I wish I had the ability to put it as clearly as he does. Government deficits are the mirror image of saving elsewhere; dealing with the government deficit requires that some other part of the economy takes over the savings burden. Above all, the hopeless hysteria about blame for the deficits gets it badly wrong.
The deterioration in the fiscal position is a result of the cutback in the private sector’s spending, not a cause of it. Not surprisingly, the fiscal deterioration is also biggest where the private sector has cut back most: in the post-bubble economies.Of course, governments could have tried to tighten fiscal positions in the teeth of the crisis. All that would have done is turn the recession into a depression. As a result, they would also have transformed part of the structural fiscal deficit into a cyclical one. This might well have lowered the private sector surplus, but only by destroying private income even faster than spending.
I am very interested to read that even a convinced Libertarian like Megan McArdle is willing to look at EVIDENCE when asking whether the government deficts are the problem or the solution. That is because she is BRIGHT.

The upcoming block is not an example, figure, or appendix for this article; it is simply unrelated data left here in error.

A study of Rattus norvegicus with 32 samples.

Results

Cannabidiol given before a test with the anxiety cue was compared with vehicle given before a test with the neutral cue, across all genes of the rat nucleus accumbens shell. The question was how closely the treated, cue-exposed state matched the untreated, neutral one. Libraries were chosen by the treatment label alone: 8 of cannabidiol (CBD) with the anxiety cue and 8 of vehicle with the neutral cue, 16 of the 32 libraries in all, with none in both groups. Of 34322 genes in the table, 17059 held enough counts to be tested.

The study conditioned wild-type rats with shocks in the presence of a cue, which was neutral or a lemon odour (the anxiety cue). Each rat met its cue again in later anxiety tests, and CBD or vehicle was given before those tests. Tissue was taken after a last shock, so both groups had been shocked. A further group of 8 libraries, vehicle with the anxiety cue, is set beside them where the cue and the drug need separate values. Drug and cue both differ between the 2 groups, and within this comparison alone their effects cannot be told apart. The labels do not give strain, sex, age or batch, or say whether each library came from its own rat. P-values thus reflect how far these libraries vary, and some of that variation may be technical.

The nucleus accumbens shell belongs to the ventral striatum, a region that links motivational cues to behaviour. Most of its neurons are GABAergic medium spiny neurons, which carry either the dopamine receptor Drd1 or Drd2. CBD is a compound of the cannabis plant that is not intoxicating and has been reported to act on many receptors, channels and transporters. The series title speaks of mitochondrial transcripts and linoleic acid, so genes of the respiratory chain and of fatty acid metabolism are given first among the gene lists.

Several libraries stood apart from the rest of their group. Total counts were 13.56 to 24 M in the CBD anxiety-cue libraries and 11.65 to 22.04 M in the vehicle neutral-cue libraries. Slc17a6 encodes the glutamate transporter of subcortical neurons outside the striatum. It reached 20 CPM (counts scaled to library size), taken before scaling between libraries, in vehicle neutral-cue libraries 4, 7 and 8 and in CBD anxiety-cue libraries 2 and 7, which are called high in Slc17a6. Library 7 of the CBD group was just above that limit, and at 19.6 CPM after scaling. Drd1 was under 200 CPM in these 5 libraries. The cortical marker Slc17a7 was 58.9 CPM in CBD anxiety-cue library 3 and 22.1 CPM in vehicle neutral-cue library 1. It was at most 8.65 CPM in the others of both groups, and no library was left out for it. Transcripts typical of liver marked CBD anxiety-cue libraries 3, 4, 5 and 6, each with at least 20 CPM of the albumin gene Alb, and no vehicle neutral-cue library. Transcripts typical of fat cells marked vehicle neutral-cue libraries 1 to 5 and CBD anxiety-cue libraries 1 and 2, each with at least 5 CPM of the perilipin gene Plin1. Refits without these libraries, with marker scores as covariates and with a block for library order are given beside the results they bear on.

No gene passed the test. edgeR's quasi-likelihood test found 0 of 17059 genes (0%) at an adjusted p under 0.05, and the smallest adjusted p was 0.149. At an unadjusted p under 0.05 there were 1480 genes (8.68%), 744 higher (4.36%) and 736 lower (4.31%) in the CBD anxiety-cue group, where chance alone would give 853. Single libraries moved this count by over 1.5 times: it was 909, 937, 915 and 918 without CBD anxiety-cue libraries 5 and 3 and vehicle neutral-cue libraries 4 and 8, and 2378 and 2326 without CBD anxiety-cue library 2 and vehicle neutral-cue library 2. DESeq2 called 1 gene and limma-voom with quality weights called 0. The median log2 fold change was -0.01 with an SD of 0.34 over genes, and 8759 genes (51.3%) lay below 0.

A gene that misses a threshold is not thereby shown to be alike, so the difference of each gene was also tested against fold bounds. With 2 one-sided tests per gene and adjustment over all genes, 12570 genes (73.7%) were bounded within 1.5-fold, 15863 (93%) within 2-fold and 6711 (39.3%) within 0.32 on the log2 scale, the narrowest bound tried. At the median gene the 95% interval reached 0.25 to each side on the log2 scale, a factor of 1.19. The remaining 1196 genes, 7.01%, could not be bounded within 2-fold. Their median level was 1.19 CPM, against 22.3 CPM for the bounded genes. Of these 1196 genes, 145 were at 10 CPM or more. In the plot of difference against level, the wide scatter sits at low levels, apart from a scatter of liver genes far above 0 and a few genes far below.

I join with Messrs Yglesias and Krugman in a number of points:
The current budget deficit is not causing our economic problems. There may be other administration policies that are contributing, but this is not one of them.
Demand for government bonds is robust
There are good and powerful reasons to run a deficit in the current recession
But she goes on to explain why a naive reading of the bond market’s low spreads is unwise. She is right: markets can have a sudden stop, and convincing them NOW that we have a good plan for the FUTURE is extremely wise. I don’t think we should cut the deficit yet – but as for talking about spending cuts, hell yeah. That’s why you should come along to our conference on 12th November (see last post).